Paul Allen’s gift to the University of Washington’s computer science school won’t increase the number of students who can enroll there; the UW is looking to the state Legislature to pick up that tab.


But that endowment won’t increase the number of students who can major in computer science, which is the most popular choice of majors for incoming freshmen — and one of the hardest to get into.

Rather, the endowment is aimed at providing seed money to the new Allen School for Computer Science & Engineering for new initiatives — anything from early-stage research to equipment that can’t be purchased through other means. It won’t pay for a new building, or faculty salaries.

The UW looks to the state Legislature for funding to bump up the number of students who can go to the school.


And in recent years, it’s been successful at getting that money.

In each of the past two state budgets, the department has received money to increase the number of spots for computer science majors. It’s now enrolling about 370 new undergraduate students each year, double the number it was able to accommodate in 2012.

This year, it is asking for $6 million from the Legislature to increase the number of students it graduates by 120 degrees per year. Most of that increase would be in bachelors degrees, Lazowska said.

The UW is getting help from some of its biggest supporters. On Thursday, Microsoft President Brad Smith went to Olympia to lobby on behalf of the school, Lazowska said.

The other thing the Allen School needs is space — for classrooms, offices, large gatherings and labs.

That’s why it is building a second computer science center, a 135,000-square-foot-building that’s being funded by private companies (including Microsoft, Amazon and Zillow, to name a few) and by the state.

Although computer science and engineering is a tough program to get into, the picture is getting better. In 2016, 43 percent of bachelor’s applicants were admitted to the program. In previous years, the admission rate was lower.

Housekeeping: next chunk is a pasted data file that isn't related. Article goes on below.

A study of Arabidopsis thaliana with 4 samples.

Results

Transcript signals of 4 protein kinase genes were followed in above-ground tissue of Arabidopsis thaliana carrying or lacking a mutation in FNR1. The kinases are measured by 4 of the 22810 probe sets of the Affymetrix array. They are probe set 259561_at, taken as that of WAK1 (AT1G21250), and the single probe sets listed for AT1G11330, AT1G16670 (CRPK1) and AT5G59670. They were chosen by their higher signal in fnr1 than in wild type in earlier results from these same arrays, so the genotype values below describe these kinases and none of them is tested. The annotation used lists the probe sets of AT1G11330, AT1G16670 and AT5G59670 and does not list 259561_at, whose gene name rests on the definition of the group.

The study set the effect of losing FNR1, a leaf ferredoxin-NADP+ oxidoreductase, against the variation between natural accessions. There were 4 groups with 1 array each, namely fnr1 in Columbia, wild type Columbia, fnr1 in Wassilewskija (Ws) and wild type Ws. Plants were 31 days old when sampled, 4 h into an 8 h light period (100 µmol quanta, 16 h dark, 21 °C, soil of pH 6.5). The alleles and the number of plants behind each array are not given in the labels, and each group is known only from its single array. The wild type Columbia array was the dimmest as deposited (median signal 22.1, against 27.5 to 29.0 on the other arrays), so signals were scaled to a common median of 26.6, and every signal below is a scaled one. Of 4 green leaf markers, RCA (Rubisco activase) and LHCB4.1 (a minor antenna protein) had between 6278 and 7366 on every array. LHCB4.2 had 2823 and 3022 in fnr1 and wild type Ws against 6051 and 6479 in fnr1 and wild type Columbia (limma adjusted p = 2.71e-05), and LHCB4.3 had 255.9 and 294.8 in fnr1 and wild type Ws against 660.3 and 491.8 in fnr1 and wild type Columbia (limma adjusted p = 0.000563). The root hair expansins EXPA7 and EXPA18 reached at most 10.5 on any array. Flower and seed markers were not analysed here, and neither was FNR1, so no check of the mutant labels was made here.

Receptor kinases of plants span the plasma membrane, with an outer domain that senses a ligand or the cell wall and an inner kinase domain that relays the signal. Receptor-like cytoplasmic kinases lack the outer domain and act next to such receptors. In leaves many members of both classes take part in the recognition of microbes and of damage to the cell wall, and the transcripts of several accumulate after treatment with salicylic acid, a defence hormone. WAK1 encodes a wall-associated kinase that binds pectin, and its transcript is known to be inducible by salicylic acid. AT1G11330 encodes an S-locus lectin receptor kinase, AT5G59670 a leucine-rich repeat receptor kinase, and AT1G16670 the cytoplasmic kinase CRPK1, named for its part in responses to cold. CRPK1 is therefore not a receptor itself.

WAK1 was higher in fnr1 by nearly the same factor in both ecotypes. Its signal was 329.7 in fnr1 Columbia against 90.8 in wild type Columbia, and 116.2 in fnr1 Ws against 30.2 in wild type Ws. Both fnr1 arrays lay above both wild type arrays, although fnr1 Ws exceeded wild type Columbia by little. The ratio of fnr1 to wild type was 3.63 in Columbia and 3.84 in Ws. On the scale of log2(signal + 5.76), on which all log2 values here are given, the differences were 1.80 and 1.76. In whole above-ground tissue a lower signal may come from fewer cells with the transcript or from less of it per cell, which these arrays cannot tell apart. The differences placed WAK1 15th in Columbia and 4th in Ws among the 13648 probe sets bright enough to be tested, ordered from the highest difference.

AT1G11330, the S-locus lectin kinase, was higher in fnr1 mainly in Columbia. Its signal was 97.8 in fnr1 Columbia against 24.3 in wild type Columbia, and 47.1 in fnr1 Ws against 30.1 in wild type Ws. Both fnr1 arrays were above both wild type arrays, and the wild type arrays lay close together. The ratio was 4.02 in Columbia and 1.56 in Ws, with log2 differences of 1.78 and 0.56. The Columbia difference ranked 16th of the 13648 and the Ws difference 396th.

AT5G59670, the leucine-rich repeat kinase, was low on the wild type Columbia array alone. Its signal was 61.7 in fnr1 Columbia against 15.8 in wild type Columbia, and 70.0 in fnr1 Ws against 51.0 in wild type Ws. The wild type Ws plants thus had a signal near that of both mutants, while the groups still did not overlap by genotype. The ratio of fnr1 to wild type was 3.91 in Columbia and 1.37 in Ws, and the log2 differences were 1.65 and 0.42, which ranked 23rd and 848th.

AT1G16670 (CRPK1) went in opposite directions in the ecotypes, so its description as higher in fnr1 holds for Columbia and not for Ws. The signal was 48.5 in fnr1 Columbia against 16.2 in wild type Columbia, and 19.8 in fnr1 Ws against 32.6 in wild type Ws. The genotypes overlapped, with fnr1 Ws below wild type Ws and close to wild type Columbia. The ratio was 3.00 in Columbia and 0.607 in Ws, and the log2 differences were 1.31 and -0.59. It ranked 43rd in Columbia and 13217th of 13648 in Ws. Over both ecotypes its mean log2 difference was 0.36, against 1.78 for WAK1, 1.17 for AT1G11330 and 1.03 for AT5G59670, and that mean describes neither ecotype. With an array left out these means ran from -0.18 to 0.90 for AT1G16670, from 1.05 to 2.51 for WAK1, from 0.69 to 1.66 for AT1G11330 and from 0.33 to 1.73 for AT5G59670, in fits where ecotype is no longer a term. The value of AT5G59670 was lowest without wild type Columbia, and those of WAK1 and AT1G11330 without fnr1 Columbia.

Still, “it’s heartbreaking that we are unable to accommodate a substantial number of students who would thrive in the program,” said Lazowska, who serves on the CSE undergraduate admissions committee.

Students are usually admitted at the end of their freshman year or the start of their sophomore year. But the school also admits some students directly, at the same time they are admitted to the university as freshmen. This year, direct admission will be offered to 150 students. All but five of them are Washington residents.

Lazowska said the school’s percentages of in-state students versus out-of-state and international students is similar to the UW’s overall breakdown. (About 70 percent of UW Seattle’s students are in-state, 16 percent are out-of-state and 14 percent are international students.)

For students who don’t get in, there are a number of other majors that are popular second choices. They include electrical engineering; the Information School; human-centered design and engineering; and applied and computational mathematical sciences.

Most students find another major if they can’t get into computer science, Lazowska said. “There are very few transfers to other schools or to UW’s branch campuses.”